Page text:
What is it about the home life of students that so disturbs the Washoe County District? Why doesn’t the district want each student to have one?
What must families do to keep the school district out of their homes—post No Trespassing signs?
During Watergate, an old quote from William Pitt was frequently cited about the fact that government cannot enter homes—"The poorest man may in his cottage bid defiance to all the forces of the Crown. It may be frail; its roof may shake; the wind may blow through it; the storm may enter; the rain may enter; but the King of England cannot enter—all his force dares not cross the threshold of the ruined tenement!”
Computers and school districts, however, get through the cracks and enter as storms may not—electronically. If the Washoe County School District’s winter “Digital Days” had been allowed to proceed—and fortunately, the Nevada Legislature last week put a stop to them—school districts would have gotten busy and found ways to set up electronic classrooms on snow days. One value to paying top administrators less is that it will keep them closer in touch with the difficulties faced by parents who must juggle work, school, childcare, and the unwelcome interference with that balancing act that Digital Days would be.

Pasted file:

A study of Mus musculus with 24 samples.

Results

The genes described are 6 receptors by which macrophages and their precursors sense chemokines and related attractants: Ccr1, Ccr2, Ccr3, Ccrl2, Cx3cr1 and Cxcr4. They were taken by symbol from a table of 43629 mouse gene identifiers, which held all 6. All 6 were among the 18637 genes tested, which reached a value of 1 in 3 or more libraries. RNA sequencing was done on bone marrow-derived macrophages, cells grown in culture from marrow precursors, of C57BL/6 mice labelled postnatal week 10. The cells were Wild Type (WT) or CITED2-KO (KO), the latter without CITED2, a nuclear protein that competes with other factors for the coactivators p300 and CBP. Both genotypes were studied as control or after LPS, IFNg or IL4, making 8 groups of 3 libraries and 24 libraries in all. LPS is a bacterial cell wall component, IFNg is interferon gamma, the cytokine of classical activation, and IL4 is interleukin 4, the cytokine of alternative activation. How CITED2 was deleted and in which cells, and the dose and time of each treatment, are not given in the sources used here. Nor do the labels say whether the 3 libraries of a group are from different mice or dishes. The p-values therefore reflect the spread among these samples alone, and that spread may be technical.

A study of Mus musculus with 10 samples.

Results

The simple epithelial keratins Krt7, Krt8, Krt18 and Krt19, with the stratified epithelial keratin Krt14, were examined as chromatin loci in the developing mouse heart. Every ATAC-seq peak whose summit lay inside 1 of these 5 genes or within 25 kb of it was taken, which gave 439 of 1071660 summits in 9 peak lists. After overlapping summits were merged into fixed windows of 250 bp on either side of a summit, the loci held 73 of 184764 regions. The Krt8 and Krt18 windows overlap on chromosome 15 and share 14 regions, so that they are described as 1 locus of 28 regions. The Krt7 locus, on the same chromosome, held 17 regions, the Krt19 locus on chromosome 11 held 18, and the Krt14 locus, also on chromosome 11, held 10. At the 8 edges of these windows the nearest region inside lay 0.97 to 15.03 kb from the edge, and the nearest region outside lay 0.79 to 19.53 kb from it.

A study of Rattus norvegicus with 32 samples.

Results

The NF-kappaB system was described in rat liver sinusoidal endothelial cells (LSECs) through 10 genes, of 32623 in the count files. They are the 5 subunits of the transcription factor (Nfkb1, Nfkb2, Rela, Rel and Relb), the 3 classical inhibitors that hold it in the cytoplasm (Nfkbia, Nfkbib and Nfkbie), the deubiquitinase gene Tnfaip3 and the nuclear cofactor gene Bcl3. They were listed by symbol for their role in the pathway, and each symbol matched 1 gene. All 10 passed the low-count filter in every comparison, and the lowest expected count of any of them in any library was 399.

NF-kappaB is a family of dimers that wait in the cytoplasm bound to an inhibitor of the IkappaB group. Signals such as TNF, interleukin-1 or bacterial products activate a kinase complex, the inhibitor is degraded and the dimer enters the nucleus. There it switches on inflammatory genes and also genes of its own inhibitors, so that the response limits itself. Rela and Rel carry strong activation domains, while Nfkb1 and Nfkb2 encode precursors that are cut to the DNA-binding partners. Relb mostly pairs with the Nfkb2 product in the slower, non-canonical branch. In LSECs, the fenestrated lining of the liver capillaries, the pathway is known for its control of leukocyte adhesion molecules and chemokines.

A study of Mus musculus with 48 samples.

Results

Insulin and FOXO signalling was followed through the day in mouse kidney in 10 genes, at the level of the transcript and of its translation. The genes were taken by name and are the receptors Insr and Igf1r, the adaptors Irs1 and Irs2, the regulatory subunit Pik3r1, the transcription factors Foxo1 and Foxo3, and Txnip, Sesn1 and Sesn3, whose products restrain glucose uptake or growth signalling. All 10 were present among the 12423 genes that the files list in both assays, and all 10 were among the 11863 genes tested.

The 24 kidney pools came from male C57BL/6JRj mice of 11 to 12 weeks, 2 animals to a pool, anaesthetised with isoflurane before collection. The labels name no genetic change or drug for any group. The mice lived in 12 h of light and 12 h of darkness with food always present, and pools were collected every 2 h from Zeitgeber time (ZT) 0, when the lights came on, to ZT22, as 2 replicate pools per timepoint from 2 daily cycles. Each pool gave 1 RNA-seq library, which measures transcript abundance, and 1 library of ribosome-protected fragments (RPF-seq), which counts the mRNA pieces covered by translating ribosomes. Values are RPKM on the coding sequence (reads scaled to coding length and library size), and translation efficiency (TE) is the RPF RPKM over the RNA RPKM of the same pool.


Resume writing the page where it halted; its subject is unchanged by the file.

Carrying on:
We do not understand what possessed Assemblymember Jill Tolles to try to prop up Digital Days and push them forward with legislation that would have kept them alive. Parents made pretty clear their unhappiness with the whole idea, and the school district seemed to back away from the program.
On March 5 there was a Reno Gazette Journal front page that infuriated many parents. There appeared the headline, “WCSD says it will do away with digital days policy.” Then right under it was the subhead, “But district says no end-of-year makeup will be required.”
If no makeup was required, why were the Digital Days scheduled in the first place? Either they served a make-up purpose or not.
Then there is homework, another intrusion into the home. Wall Street Journal: “School districts across the country are banning homework, forbidding it on certain days or just not grading it, in response to parents who complain of overload and some experts who say too much can be detrimental.”
Last year the Washoe County School Board approved a homework policy change that sent mixed signals. The change eliminated mandatory homework in Washoe County schools—but also gave principals leeway to make exceptions of their own campuses. Having a halfway policy is not the kind of leadership the public needs from school board members. The district needs to put a full stop to homework, period, both because it is a well-established drag on learning, and because it will withdraw the district from homes.
If the school district wants to use homes, it needs to pitch in on house payments or rent.